My Pal Trigger (1946) and The Golden Stallion (1949). Rogers died on July 6, 1998 from congestive heart failure.
Actor and singer Leonard Franklin Slye was born on November 5, 1911, in Cincinnati, Ohio, to parents Andrew and Mattie Slye. Known best as a singing cowboy, Rogers, with his trademark horse Trigger, appeared in nearly 100 films during the 1930s, '40s and '50s, many of them featuring his second wife Dale Evans.
In the late 1920s, Rogers' family relocated to California, where Rogers held various jobs, including fruit picker and factory worker. He got his start in the music business with his cousin Stanley, playing at square dances and local theaters. Shortly after, Rogers met Bob Nolan and Tim Spencer, and the trio began to play together, calling themselves the O-Bar-O Cowboys. The band went through various incarnations, performing as the Pioneer Trio, and the Sons of the Pioneers, and even appearing in several motion pictures.
Throughout his career, Rogers changed his name more than once. At the time of his stint with the Sons of the Pioneers, he was calling himself Dick Weston—the name he was credited with in his first film, Slightly Static (1935). In 1937, he became "Roy Rogers" after Republic Studio offered him a seven-year film contract. His big break came when he was cast to replace Gene Autry (following a contract dispute) in the starring role of Under Western Stars (1938). The film was a major hit with audiences, and Rogers went on to star in an average of seven singing B-Westerns every year until the early 1950s, all of which featured his trusty palomino, Trigger (which he purchased from the studio), and his dog, Bullet.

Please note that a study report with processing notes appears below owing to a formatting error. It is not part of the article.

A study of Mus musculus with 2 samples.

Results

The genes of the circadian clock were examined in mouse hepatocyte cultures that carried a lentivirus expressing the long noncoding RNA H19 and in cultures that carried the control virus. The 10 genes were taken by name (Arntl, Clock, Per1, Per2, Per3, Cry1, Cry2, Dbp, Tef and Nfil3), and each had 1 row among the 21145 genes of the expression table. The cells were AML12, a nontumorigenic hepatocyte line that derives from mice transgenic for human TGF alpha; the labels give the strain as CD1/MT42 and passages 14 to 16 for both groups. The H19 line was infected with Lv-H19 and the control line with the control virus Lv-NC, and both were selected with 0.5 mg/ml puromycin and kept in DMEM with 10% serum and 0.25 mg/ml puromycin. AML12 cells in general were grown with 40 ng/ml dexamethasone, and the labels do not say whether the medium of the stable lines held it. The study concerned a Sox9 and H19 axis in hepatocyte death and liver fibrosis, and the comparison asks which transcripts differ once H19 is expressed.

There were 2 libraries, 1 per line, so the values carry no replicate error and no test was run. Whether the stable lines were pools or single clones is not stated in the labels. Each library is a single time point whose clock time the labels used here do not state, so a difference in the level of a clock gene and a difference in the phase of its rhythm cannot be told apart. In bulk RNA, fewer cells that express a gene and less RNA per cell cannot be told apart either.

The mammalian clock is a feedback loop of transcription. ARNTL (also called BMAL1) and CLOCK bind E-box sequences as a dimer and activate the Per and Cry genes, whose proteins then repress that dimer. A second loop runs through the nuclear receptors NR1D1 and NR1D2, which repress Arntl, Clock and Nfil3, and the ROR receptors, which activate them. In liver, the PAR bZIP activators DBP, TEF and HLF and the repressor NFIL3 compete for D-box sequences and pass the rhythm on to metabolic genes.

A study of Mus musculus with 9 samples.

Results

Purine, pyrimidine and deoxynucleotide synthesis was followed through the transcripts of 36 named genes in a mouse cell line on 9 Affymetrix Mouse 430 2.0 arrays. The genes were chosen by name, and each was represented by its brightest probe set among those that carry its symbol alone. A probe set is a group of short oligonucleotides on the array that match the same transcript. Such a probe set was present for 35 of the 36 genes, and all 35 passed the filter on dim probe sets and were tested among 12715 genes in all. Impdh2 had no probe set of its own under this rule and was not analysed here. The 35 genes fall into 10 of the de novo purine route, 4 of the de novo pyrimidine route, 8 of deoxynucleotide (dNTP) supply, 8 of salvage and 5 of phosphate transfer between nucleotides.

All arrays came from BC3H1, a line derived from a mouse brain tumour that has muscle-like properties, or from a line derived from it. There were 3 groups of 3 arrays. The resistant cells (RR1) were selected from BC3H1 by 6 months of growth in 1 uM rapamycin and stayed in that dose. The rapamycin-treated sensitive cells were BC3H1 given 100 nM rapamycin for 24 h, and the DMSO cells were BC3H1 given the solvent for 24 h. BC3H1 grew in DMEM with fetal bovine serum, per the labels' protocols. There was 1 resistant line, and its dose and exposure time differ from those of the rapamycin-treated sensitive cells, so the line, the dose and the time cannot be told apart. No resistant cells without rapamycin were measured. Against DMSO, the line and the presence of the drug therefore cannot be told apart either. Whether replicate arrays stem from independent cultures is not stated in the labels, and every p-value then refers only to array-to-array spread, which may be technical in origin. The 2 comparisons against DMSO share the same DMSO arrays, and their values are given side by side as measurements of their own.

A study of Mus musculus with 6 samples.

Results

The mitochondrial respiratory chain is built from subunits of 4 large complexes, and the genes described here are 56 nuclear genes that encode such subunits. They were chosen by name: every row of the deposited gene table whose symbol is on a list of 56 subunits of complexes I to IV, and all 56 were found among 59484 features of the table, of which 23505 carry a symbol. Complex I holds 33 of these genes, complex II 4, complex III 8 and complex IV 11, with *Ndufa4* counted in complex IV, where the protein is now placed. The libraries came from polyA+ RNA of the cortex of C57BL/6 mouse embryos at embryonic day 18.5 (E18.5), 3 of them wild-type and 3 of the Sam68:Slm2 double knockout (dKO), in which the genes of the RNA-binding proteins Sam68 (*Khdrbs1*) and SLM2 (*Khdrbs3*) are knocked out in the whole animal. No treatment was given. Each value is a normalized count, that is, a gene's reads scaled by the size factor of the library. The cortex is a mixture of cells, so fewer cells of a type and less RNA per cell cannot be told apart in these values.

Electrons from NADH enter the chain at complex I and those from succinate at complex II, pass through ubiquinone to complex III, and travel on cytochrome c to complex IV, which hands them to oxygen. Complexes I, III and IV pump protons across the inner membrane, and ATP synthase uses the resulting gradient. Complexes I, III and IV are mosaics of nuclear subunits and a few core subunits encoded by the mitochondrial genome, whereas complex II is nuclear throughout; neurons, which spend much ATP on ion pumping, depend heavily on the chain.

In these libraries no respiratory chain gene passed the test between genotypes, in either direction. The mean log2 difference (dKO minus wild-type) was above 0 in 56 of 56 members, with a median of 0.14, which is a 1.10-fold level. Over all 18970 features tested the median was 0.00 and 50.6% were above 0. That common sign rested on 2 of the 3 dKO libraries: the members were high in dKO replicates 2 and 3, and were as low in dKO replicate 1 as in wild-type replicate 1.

While Rogers was known as a singing cowboy, his rivalry with the better known Gene Autry was a boon to the careers of both men, even though in later years Rogers did surpass Autry at the box office. In an era when the musical Western was a popular film genre with audiences, Rogers became known as the "King of the Cowboys" after appearing in a film of the same name. Other films he made included Sunset in El Dorado (1945), My Pal Trigger (1946), and The Golden Stallion (1949). Espousing patriotism and heroism, he gained an enormous following of mostly young fans. With his endorsement of a multitude of products—from children's toys to cereal brands—Rogers, with Evans and Trigger, evolved into pop cultural icons.
In 1944, Rogers appeared in his first film with actress Dale Evans.
The association of country music with the wide open spaces of the western United States made such a deep impact on popular culture during this time that it never quite faded from the public perception of the country genre. To this day, Cowboy Country music serves as a reminder of our continued yearning for a life that's beautiful, pastoral and—ultimately—more simple.